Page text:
Congregations, like living organisms, experience cyclical and predictable seasons. In a manner of speaking, they are given birth in the spring, flourish in the summer, fade in the fall, and die in the winter.
Well, not necessarily. While the living organisms of nature have been created by God, the church is indwelt by God the Spirit, the very Spirit that raised Jesus Christ from the grave. And because of the presence and power of the Holy Spirit, congregations need not die or retire. Instead, they may experience resurrection through renewal or regeneration through a relaunch.
But what about your congregation? If your ministry currently lives in the spring or summer, you need not spend much time with that question. Like parents with a newborn baby or with teenagers exploring adulthood, you have enough on your plate. Perhaps, however, your church has entered the fall season. Your membership is declining, along with your contributions. You expend more energy maintaining structures and programs than making disciples. Your congregation gets embroiled in disputes over non-essentials, having lost sight of its reason for being. In short, the autumn season is upon you and its starting to look like winter.
What do you do? Better yet, what is the Lord’s will for your congregation? At least three options lie before you. Each one is difficult to endure, yet each one leads to a fresh outpouring of God’s grace.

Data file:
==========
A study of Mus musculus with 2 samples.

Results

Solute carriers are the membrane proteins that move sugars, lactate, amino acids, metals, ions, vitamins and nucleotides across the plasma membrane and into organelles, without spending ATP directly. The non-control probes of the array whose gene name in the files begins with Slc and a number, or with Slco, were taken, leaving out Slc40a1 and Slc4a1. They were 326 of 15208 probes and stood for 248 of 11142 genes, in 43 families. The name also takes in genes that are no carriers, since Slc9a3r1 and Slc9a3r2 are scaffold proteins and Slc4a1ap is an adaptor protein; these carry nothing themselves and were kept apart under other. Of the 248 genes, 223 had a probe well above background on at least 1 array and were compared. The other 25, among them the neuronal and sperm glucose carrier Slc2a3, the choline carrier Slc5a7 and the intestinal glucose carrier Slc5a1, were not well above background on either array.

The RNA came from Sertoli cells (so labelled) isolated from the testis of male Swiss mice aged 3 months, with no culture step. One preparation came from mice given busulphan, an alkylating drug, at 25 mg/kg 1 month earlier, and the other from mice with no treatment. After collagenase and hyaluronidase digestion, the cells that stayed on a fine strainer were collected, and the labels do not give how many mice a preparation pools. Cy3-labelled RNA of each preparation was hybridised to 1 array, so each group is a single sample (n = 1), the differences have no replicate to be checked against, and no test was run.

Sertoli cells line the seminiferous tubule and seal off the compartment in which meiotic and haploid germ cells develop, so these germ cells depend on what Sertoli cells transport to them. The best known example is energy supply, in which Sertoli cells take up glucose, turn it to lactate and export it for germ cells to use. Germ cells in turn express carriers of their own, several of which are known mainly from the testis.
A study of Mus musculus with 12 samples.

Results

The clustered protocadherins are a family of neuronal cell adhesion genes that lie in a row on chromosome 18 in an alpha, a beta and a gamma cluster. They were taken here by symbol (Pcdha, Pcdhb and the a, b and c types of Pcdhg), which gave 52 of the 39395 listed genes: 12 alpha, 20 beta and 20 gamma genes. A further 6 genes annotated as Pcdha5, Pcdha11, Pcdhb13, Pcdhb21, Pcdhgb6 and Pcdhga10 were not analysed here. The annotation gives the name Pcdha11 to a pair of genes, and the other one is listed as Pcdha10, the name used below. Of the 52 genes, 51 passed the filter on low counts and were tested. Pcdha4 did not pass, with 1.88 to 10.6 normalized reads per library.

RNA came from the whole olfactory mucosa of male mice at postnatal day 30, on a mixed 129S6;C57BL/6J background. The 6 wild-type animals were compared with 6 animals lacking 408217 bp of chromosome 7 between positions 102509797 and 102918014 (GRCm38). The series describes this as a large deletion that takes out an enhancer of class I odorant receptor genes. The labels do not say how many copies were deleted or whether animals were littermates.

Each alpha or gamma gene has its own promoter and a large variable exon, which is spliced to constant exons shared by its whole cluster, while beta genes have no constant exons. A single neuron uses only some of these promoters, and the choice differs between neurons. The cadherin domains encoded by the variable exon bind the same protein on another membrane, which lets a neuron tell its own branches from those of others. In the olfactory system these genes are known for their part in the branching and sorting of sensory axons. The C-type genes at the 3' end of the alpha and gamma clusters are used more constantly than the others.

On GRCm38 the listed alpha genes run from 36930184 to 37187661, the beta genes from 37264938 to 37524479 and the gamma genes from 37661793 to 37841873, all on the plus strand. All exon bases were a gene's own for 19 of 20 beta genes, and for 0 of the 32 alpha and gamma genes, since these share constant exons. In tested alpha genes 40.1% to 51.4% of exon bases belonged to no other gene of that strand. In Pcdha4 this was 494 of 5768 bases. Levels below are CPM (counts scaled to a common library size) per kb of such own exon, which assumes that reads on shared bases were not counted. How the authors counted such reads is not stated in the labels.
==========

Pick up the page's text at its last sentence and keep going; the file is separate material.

First, your congregation may retire. It may close its doors, donate its resources to another ministry, and encourage members to join other congregations. It’s a tough option for it is a form of death, one that marks the end of relationships with fellow pilgrims who once shared life together. Yet, the congregation which arrives at such a decision receives grace to die to itself and hope that its death will breathe life into other congregations. As such, it offers a unique opportunity to follow the example of Christ who died that we other may have life. It may be the best option for your congregation, especially if characterized by an aging membership and diminished energy.
Second, your congregation may relaunch. A relaunch requires a new vision accompanied by context specific strategies which slowly but surely give shape to a new look. This is also a tough option for it involves a makeover of the ministry. Congregants feel like they are losing their church. Some leave but a core remains – ready to embark on a new mission. This is an option chosen by many congregations whose membership no long reflects its neighbors.
Third, your congregation may renew. Most congregations prefer this option, if only because the others lack appeal. It involves a season of visioning ministry and developing strategies which lead to the realization of a new vision. Like the first two options, it is difficult. It’s tough because it requires a renewed commitment to mission, significant changes in strategy, and elimination of some cherished traditions. Yet it is liberating. It opens the door to the regenerating power of the Holy Spirit by which the congregation enters a new season of life.
Renew, relaunch, or retire? Whatever option is chosen, this much is certain: the future of your congregation will not mirror the past. Every congregation will finally experience the autumn season and every congregation will then face a simple question: Will we renew, relaunch, or retire?